Annexus Quam
Osmose
Genres: Alternative Rock, Pop, Rock
 
  •  Track Listings (4) - Disc #1


      

All Artists: Annexus Quam
Title: Osmose
Members Wishing: 0
Total Copies: 0
Label: Ohr / Pilz
Release Date: 7/12/2005
Album Type: Import
Genres: Alternative Rock, Pop, Rock
Styles: Progressive, Progressive Rock
Number of Discs: 1
SwapaCD Credits: 1
UPC: 090204744220


A shamefully ignored Krautrock masterpiece
fu wai | Hong Kong, not applicable Hong Kong | 01/20/2001
(5 out of 5 stars)

"I can't understand why such a great record is so underrated. This record fused the ethno-groove (i.e.in osmoses), fusion, and sometimes classical movements. It's so energetic and impulsive to every listeners. If you love Can, Faust, Guru Guru, Early Kraftwerk, Early Neu! and Early Tangerine Dream, this record is surely for you. Pink Floyd lovers: you'll find a band that compariable to PF."
Little known krautrock gem
Warren W. Nelson | Mooresville, NC USA | 12/10/2005
(5 out of 5 stars)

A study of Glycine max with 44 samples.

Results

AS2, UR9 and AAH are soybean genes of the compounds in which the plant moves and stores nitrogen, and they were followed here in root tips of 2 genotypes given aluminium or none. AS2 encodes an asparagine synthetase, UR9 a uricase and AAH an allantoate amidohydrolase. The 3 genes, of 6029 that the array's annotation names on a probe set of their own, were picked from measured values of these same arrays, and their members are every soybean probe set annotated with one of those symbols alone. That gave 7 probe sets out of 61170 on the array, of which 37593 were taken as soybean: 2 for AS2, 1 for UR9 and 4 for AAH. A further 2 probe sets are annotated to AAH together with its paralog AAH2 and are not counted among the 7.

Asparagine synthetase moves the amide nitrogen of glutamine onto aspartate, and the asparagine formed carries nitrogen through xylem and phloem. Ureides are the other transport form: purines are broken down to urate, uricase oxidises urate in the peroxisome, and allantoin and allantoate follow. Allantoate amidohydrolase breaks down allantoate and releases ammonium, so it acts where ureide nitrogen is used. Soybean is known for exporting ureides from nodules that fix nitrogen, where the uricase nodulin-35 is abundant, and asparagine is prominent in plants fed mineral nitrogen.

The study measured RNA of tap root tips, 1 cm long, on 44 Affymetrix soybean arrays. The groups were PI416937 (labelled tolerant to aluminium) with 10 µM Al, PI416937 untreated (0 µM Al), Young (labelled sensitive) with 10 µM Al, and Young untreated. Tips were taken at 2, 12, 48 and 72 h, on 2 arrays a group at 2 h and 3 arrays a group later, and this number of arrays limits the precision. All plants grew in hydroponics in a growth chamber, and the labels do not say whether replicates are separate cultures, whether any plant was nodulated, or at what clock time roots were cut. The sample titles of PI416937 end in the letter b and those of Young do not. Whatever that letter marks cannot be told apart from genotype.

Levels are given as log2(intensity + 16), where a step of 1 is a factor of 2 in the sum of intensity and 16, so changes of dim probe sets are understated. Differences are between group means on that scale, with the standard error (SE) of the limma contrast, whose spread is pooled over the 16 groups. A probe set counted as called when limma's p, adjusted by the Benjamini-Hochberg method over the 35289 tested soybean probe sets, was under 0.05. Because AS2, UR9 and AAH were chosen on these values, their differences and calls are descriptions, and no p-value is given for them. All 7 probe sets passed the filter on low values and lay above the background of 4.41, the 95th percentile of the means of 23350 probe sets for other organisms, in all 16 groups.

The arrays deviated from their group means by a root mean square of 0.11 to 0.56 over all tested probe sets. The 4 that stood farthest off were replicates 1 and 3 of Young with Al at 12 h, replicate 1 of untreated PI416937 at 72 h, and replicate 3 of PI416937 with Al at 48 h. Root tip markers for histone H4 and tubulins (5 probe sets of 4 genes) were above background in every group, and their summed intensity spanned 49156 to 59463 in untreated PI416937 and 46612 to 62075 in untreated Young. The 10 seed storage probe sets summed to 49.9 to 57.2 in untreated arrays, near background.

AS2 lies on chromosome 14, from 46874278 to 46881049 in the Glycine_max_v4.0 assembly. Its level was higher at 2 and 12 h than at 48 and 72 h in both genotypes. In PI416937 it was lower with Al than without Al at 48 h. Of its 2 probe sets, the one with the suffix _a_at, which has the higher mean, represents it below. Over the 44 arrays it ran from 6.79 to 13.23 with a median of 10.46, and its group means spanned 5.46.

"This little known masterpiece of kosmiche psych from Germany from 1970 very much defines the 'krautrock' sub-genre of progressive music evoking a highly hallucinagenic atmosphere and trippy ambience that the early German experimental rockers were known for(such as Amon Dull II, Can, Faust or Ash Ra Tempel). Annexus Quam distinction on this their debut was that they developed an otherworldly and mystical atmosphere from a loose improvisational framework of a jazz/fusion format containing woodwinds, flute and keyboards in addition to tradional bass, drums, guitar. In each of the four divisions of the title track, the band settles into a groove and organically develop increasingly hypnotic and effect loaded soaring improvisations which litteraly invoke a feeling of being carried away into space. Unlike fusion, the performances are not virtuosic, but each instrument improvises into the basic groove of the song and carries the music into avant-garde and psychedelic texture invoking an atmosphere much like Pink Floyd's "Saucerful of Secrets" or "Ummagamma". There is excellent percussion throughout and beautifully integrated musicianship; you can tell the musicians listen to each other quite well. This is an essential recording for psych/krautrock fans. Also you may want to explore the similarly hallucinagenic and demented kraut band DZYAN, whose album 'Electric Silence' is a wonderful piece of psych madness."